You may recall that in my past employment, I worked for a company that was owned by a window manufacturer. Although I had exceedingly little to do with the owners' window business (by choice from BOTH ends), I still learned many details about windows. One of the more interesting aspects was what could happen when the exactly right combination of window, temperature(s) and sunlight all came together unexpectedly. In those rare sets of circumstances, you could have the window glass curved in a concave manner so that it focusses the sunlight to produce an intense beam, jokingly call "The Death Ray". Sometimes it's hot enough to melt vinyl siding
and othertimes it's hot enough to burn human hair
This last weekend, I had my own "death ray" in the backyard of my house. Take a look at this picture:
This picture was taken looking west with my house and the curved glass windows are to the right. The sun is low in the sky to the left as the shadows of the partially melted snowmen indicate. Ignoring the trail that I had to make for our Welsh Terrier in the deep snow, in the very center of the picture, you can see several sprite-like caustics (that is the technical term, and it has nothing to do with the strong bases that we play with in the lab) that are melting tracks into the surface of the snow. As the sun moves to the west, these caustics move to east (closer to the spot I was standing). It was very cold when I took this picture, ~ 10 o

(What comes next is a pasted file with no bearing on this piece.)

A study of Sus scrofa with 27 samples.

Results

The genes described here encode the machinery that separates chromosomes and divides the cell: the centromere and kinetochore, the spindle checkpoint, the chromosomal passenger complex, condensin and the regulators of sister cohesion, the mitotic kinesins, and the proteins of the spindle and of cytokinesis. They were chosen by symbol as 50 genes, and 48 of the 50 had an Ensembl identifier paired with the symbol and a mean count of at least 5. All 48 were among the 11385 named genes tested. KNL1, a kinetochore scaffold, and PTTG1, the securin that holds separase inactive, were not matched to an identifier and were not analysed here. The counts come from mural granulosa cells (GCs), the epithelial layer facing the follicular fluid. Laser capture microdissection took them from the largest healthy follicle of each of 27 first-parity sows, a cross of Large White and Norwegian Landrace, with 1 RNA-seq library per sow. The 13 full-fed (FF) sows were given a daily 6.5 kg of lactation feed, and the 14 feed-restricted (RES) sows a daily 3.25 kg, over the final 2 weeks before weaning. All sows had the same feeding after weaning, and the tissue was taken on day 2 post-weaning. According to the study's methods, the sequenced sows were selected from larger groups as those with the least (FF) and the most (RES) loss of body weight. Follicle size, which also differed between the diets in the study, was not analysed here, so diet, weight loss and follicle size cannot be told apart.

F (-12 o
C). The snow on the roof of the house wasn't even melting, despite have a 45o
pitch towards the sun and yet the sunlight from this death ray was hot enough to melt the snow.
What is even more intriguing is this close up of a caustic:
The caustic is moving from the right to the left in the picture and you can see how it is widening the track as it goes. It almost appears that you can see a small separation between each day's track, but I would want a few more sunny days worth of data to confirm that.
I've been waiting all winter to get these pictures and it hasn't been easy. We've had an endless stream of cold followed by snow followed by cold followed by...which has prevented these tracks from being visible on a weekend so that I could take the pictures. Things finally worked out for me. If I had daily midday access to this site (I don't due to work hours), it would be fun to cover one of the windows with cardboard and remove it for a few minutes at noon each day. The spots that would melt the ice would then take the partial shape of the annalemma
(reversed due to the reflection the light undergoes).